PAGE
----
State welfare requirements match federal standards

New state animal welfare standards come into effect today

Livestock


The new standards are prescribed under the Animal Care and Protection Act 2001 and bring state guidelines in line with already established federal guidelines.

AgForce CEO Michael Guerin has welcomed the new guidelines and acknowledged the state government for "listening to industry".

"The new guidelines provide extra teeth to state law enforcers and removes red tape out of the system by aligning federal and state standards around welfares lifestyle," he said.

"The changes are a win for industry and a win for animals."

Mr Geurin said that changes were expected and inline with consultations that industry has had with the Department of Agriculture and Fisheries.

Biosecurity Queensland general manager an Queensland chief veterinary officer Allison Crook said the new standards are part of a nationally agreed policy.

"We recognise our producers already maintain a high standard of animal welfare and these new requirements will further improve welfare outcomes for animals in Queensland," Dr Crook said.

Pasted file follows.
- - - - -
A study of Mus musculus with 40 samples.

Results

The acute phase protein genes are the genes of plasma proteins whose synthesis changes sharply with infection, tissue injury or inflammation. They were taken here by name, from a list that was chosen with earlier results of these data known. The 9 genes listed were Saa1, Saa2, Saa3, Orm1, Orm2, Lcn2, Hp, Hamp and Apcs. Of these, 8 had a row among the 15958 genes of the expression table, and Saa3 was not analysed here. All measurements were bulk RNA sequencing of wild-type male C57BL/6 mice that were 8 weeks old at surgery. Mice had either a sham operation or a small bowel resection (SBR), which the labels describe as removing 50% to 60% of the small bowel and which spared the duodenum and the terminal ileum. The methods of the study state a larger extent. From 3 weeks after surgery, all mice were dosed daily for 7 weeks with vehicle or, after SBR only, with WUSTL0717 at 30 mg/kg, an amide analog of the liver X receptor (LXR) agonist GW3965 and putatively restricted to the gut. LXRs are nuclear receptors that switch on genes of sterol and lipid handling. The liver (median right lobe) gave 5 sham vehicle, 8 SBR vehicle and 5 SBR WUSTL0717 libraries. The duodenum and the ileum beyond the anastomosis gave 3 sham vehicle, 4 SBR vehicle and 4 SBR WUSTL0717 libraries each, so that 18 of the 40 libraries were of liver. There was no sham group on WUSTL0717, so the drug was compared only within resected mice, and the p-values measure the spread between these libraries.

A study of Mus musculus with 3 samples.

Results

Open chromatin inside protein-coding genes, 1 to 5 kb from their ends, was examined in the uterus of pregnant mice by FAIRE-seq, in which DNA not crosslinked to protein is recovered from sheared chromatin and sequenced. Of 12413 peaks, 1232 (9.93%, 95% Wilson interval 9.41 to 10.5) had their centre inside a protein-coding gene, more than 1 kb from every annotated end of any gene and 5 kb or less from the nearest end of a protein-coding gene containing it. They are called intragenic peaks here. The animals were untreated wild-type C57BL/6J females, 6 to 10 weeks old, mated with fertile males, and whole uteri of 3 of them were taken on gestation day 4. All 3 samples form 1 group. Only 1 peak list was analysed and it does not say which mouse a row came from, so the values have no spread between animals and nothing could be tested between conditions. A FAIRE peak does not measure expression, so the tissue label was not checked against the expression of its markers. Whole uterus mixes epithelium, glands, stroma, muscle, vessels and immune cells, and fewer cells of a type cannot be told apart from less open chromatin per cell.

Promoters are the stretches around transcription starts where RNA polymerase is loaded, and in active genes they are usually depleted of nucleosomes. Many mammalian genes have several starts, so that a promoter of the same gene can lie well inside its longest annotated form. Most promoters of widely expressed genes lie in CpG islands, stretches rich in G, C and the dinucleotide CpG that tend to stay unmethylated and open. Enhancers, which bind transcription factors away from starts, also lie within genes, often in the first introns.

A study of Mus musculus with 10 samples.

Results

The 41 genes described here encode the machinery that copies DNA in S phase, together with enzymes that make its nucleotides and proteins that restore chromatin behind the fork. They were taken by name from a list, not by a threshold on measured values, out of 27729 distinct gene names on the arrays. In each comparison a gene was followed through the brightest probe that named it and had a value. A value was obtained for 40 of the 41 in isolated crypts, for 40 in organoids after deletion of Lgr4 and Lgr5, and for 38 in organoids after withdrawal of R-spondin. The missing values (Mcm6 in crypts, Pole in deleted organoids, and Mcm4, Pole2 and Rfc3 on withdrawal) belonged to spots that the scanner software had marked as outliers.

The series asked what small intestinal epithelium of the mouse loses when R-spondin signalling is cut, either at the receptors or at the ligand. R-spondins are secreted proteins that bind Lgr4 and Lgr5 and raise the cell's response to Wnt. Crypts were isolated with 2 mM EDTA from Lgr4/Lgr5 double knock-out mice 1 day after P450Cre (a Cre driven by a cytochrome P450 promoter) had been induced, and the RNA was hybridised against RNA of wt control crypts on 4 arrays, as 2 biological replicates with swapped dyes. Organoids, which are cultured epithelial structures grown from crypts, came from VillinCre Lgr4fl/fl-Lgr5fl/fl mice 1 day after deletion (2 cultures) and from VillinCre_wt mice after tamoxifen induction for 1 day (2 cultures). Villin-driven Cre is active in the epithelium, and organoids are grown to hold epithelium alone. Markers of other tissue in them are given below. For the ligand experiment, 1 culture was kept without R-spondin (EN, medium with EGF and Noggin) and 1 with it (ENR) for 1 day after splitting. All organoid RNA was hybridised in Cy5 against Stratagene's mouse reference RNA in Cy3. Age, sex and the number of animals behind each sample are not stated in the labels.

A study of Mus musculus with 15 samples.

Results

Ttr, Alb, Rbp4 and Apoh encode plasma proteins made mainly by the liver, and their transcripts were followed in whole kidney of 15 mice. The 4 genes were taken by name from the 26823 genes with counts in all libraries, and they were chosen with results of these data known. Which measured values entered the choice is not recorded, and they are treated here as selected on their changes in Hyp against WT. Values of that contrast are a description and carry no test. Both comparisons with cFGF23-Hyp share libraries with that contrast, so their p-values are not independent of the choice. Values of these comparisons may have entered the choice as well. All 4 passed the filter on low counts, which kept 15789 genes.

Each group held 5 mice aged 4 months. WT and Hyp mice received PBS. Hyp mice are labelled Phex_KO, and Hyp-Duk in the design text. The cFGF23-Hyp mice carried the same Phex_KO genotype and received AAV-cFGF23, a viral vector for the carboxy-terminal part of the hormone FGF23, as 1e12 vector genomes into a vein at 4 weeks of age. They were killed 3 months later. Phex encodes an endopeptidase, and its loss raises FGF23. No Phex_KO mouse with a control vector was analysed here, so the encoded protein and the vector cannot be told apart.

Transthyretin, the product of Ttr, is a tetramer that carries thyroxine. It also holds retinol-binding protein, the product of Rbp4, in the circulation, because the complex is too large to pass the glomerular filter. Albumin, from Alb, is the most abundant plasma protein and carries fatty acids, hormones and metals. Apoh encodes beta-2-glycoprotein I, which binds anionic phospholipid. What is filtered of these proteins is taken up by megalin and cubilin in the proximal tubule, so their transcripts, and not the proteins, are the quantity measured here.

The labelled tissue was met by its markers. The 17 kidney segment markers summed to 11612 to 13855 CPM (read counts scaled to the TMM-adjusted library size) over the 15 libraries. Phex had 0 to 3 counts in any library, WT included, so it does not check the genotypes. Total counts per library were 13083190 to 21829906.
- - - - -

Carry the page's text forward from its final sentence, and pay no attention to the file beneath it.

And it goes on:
"The new standards, prescribed in codes of practice under the Animal Care and Protection Act 2001, are based on current scientific knowledge, recommended industry practice and community expectations.

"They provide clear requirements for all people responsible for the care and management of cattle, sheep and for livestock handled through saleyards and depots.

"There are minimum requirements for a range of animal welfare issues including housing, handling, sanitation, nutrition, water, veterinary care, and protection from extreme weather conditions.

"The new standards bring Queensland in line with other states and territories by applying consistent legislation and enforcement across Australia."

Dr Crook urged everyone involved with livestock to learn about the new requirements to ensure they understand what's required.

"If you have livestock, you have a responsibility to your animals," Dr Crook said.

"Everyone who owns or works with cattle, sheep or livestock at saleyards or depots must meet these new requirements.

"This means anyone who is in control of the animals including owners, transporters, saleyard operators and people employed to manage or handle livestock."

There are penalties for a breach of a code of practice under the Act, up to a maximum penalty of $40,035.

Some serious offences against the codes could also constitute cruelty offences which have a maximum penalty of $266,900 or three year's imprisonment.

The new mandatory standards replace the existing voluntary Model Codes of Practice for the Welfare of Animals for Cattle, Sheep and Animals at Saleyards.

For information about the new requirements, visit www.business.qld.gov.au and search for 'Compulsory codes of practice for animal welfare', phone the Department of Agriculture and Fisheries on 13 25 23.